Last week, reports emerged that North Korea was banning skinny jeans over concerns regarding their symbolic relationship with the “exotic and decadent lifestyle” of capitalism. The crackdown on “anti-socialist behaviour” also reportedly bans mullet, spiky or dyed hairstyles and piercings.
Although an official statement on the ban hasn’t been identified, policing of personal style in North Korea is not new.
Political leaders have long been aware of the representational power of fashion. In her book Fashion and Politics, fashion scholar Djurdja Bartlett notes that “as early as the 1920s, the Bolsheviks frowned on western fashion and its Art Deco opulence”.
The role of dress in promoting allegiance to the nation state can come in the form of a uniform or via the rejection of garments seen to symbolise religious, ideological or political beliefs.
Whether banning Western fashion in the Soviet Union or the burqa in France, political control over what we wear has always been controversial. But what is it about skinny jeans that apparently inspires denunciation by North Korea today?
The skinny on skinny jeans
Slim or tight-fitted trousers are a direct descendant of tight men’s breeches worn in the 1800s.
Their denim offspring emerged in the 1950s as part of the counter-cultural movement. Most often worn in a dark wash with a cuffed hem, the jeans, favoured by the likes of Elvis Presley and Marlon Brando, were a gender-neutral representation of alternative lifestyles in the wake of the second world war.
In the 1960s, jeans in the “drainpipe” style — black and ultra-skinny — became synonymous with rock and roll.
The 1990s brought baggy styles for rave dancing, bootlegs and retro flares. But skinny jeans didn’t stay gone for long. The 2000s saw them taken up, again by subcultures — emos and goths, who wore them super tight and low on the hips.
Death by TikTok
Rumblings of change in the denim market were first heard in the late 2010s, when fashion journalists including Sarah Spellings claimed we could begin counting down to the return of low-rise jeans. The rise of 90s nostalgia fashion, popularised by models such as Bella Hadid, bought a return of wide-legged fits and exposed midriffs.
By 2019, skinny jeans were reportedly being usurped by so-called “mom jeans”. And that was before 2020 forced everyone indoors, where comfort trumped more fitted styles.
Gen Z “Zoomer” TikTokers finally rang the death knell for skinny jeans — adding a beat and some dance moves, of course. In early 2021, TikTok videos mocking Millennials for their side parted hair and tight denim-clad legs went viral.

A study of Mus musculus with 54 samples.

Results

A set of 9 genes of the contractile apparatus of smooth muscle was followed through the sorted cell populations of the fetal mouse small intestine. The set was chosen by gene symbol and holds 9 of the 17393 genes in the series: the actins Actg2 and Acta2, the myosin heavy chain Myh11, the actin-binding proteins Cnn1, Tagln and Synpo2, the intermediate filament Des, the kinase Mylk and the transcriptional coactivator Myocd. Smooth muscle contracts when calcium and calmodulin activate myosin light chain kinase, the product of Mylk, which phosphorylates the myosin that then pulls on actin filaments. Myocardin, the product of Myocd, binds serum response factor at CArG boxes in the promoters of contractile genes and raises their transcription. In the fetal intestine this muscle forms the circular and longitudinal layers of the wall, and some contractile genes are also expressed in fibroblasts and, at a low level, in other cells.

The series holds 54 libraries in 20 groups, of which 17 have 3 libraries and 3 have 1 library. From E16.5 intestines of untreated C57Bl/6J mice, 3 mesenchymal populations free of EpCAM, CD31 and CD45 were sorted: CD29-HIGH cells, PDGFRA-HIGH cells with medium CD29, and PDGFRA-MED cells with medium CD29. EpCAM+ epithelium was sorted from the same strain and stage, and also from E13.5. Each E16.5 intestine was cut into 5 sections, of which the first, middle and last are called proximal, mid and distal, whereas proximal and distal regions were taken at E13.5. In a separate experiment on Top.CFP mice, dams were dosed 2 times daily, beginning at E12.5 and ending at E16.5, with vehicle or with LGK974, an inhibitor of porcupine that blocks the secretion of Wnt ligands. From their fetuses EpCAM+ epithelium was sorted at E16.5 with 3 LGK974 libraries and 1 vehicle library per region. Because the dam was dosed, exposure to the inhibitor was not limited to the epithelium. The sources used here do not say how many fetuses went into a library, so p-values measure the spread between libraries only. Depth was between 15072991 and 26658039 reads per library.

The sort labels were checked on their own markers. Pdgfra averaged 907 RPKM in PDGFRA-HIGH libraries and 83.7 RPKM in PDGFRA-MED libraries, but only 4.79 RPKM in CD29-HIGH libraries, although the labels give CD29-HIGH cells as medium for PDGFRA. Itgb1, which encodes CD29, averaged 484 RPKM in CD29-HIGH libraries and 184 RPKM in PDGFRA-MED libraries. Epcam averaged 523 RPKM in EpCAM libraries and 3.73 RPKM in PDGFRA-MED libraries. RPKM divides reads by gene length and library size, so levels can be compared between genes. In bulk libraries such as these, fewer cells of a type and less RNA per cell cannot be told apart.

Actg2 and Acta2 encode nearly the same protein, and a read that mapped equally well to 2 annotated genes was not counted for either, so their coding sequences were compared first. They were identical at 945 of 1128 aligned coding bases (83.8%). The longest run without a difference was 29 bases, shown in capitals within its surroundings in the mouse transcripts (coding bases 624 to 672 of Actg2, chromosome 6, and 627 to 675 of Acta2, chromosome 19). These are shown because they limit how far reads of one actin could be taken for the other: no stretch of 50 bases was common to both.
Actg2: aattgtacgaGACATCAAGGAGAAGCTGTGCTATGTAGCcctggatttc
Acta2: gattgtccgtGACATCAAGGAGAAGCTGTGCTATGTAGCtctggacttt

So, if they’re no longer cool, why might North Korea want to ban them?
What we wear on our legs has long been a subject of particular political significance, especially in terms of class and gender differentiation.
During the French Revolution, full length trousers became synonymous with the ideals of liberté, égalité, fraternité — but only for men. Women remained bound by the Ancien Régime, excluded from wearing trousers and from the social freedoms they allowed.
It followed that in the fight for suffrage, trousers became a symbolic garment in the emancipation of women as political subjects.
In the 1960s, meanwhile, blue denim became a symbol of the US civil rights movement and in 1978, Levi Strauss & Co began large-scale shipments of jeans behind the Iron Curtain.
Analysis today shows specific denim brands are aligned with political preferences: American Democrat voters tend to wear Levis, while Republican voters are more likely to prefer Wrangler jeans. Brands may also seek to align themselves with consumers by voicing support for specific issues.
Most recently, a chief minister within India’s Bharatiya Janata Party government faced condemnation after he tweeted that women were immoral for wearing jeans that exposed their knees.
Across India women took to social media to voice their exasperation, posting photographs of themselves wearing torn denim with the hashtag #RippedJeans.
Jeans are still provoking the powerful. Still, if the reports from North Korea are correct, railing against this symbolic garment may have given those willing to rebel a clearer sense of what to wear.
Harriette Richards receives funding from the Australian Research Council.